After years of severe losses, Ontario bee colonies look great this spring as the vast majority of hives survived the winter.
On Tibor Szabo’s beekeeping operation, near Moffat, Ont., essentially every hive is still alive. “I’m about 99 percent (survival),” said Szabo, Ontario Beekeepers’ Association (OBA) president.
Winter losses weren’t quite as low at Coneybeare Honey north of Fergus, Ont., but the bees are also in fantastic shape.
“We’re probably around a 10 percent winter loss,” said Jim Coneybeare. “I’m hearing from a lot of guys (beekeepers), probably a five to 10 percent winter loss.”
If losses remain that low it will be a tremendous improvement from 2014 and 2015.
- Last year Ontario beekeepers lost 37.8 percent of their hives, much higher than the Canadian average of 16.4 percent.
- In 2014 winter losses were 58 percent in Ontario, compared to 25 percent across Canada.
- Winter losses are defined as the number of hives that are viable at the end of winter, compared to the number of bee colonies stored in the fall.
The primary reason for minimal losses this year was the warm fall and pleasant winter in Ontario, Szabo said.
“With honeybees, strong hives are independent of the weather,” he said. “Hives with smaller populations are (more) dependent on the weather for growth and survival…. When you have a mild winter they all make it.”
The shorter winter also benefitted bees on the Prairies.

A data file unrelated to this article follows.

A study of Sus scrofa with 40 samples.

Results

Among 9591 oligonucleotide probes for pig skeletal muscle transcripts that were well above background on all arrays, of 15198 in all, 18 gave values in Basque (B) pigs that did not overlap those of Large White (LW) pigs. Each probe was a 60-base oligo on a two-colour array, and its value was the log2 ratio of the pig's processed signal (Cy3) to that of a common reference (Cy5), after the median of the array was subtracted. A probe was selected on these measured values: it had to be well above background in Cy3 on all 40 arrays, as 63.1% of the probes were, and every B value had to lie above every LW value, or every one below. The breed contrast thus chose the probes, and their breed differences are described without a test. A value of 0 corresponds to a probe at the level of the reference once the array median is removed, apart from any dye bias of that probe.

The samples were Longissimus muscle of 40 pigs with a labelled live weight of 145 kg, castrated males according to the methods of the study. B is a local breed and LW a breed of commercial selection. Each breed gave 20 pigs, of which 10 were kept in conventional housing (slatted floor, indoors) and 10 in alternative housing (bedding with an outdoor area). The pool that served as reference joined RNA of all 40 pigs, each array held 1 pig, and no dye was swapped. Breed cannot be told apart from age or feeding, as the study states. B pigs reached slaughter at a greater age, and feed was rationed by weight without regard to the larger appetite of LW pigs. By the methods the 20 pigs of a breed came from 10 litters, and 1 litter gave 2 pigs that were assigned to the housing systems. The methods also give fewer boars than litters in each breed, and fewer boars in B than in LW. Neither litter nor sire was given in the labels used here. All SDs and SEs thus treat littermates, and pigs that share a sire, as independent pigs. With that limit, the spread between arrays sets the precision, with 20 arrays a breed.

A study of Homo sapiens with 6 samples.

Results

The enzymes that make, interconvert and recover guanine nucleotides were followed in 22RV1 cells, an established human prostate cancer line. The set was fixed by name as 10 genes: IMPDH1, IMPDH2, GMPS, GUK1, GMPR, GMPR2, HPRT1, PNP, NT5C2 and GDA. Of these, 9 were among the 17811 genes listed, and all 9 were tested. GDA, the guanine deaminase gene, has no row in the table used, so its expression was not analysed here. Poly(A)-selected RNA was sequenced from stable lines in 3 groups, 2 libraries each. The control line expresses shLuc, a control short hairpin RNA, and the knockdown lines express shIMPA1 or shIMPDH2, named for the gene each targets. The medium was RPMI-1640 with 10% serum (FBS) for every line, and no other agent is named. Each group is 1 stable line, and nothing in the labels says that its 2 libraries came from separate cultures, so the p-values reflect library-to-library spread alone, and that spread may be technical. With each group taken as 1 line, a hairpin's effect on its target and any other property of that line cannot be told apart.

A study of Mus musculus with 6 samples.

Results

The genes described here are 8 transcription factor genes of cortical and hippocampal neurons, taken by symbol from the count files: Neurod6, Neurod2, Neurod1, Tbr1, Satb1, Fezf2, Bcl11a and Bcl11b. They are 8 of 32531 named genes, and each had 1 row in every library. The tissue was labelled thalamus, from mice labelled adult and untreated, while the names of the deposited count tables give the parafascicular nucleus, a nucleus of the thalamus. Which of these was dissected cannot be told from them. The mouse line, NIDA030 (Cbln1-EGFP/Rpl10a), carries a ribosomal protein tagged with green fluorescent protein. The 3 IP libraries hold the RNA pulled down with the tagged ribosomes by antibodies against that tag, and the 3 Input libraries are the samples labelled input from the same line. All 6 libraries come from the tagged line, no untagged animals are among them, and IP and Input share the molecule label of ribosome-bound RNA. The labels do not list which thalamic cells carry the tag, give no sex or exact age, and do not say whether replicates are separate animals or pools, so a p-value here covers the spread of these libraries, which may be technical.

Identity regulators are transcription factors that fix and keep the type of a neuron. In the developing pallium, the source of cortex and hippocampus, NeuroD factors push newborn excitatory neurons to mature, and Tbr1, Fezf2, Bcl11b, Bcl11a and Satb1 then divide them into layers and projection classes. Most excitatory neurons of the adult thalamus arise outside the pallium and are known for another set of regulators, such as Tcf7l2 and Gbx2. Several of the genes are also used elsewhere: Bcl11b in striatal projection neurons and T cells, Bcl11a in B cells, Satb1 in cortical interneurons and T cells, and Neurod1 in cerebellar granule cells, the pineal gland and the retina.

“Talking to beekeepers in Alberta, and my own bees, our (winter) survival has been much, much better,” said Stephen Pernal, Agriculture Canada bee expert at the Beaverlodge Research Farm. “Just by intuition, this is not based on looking at numbers, I would expect across Western Canada… that our winter survival rates will be better.”
It will be difficult for survival rates on the Prairies to get much better than 2015, when winter losses were around 11 percent.
The high survival rate in Ontario should provide a boost for province’s beekeeping industry, which provides pollination for orchard crops in Central Canada.
“It’s definitely a shot in the arm…. Hopefully the high survival continues (through the summer),” Szabo said.
Bee winter losses have been a controversial topic in Ontario the last few years. Environmental groups and beekeepers have blamed neonicotinoid seed treatments, which are applied to corn, canola and soybean seeds, for killing bees and compromising colony health.
The winter losses, along with bee deaths caused by corn seeder dust contaminated with neonicotinoids in the springs of 2012 and 2013, provoked media and public outrage in Ontario. The provincial government responded with regulations restricting the use of neonicotinoids, where growers must prove they have a crop pest and get a licence to use a neonic seed treatment on corn and soybeans.
Entomologists have questioned the value of the regulations because pesticide exposure is just one of many, many factors that influence bee colony health.
“When we asked beekeepers what they consider to be the primary factors for the high losses, the number one reported answer was weather related, followed closely by problems with queens,” said Manitoba provincial apiarist Rheal Lafreniere.
The Canadian Association of Professional Apiculturists releases estimates of bee winter losses in July.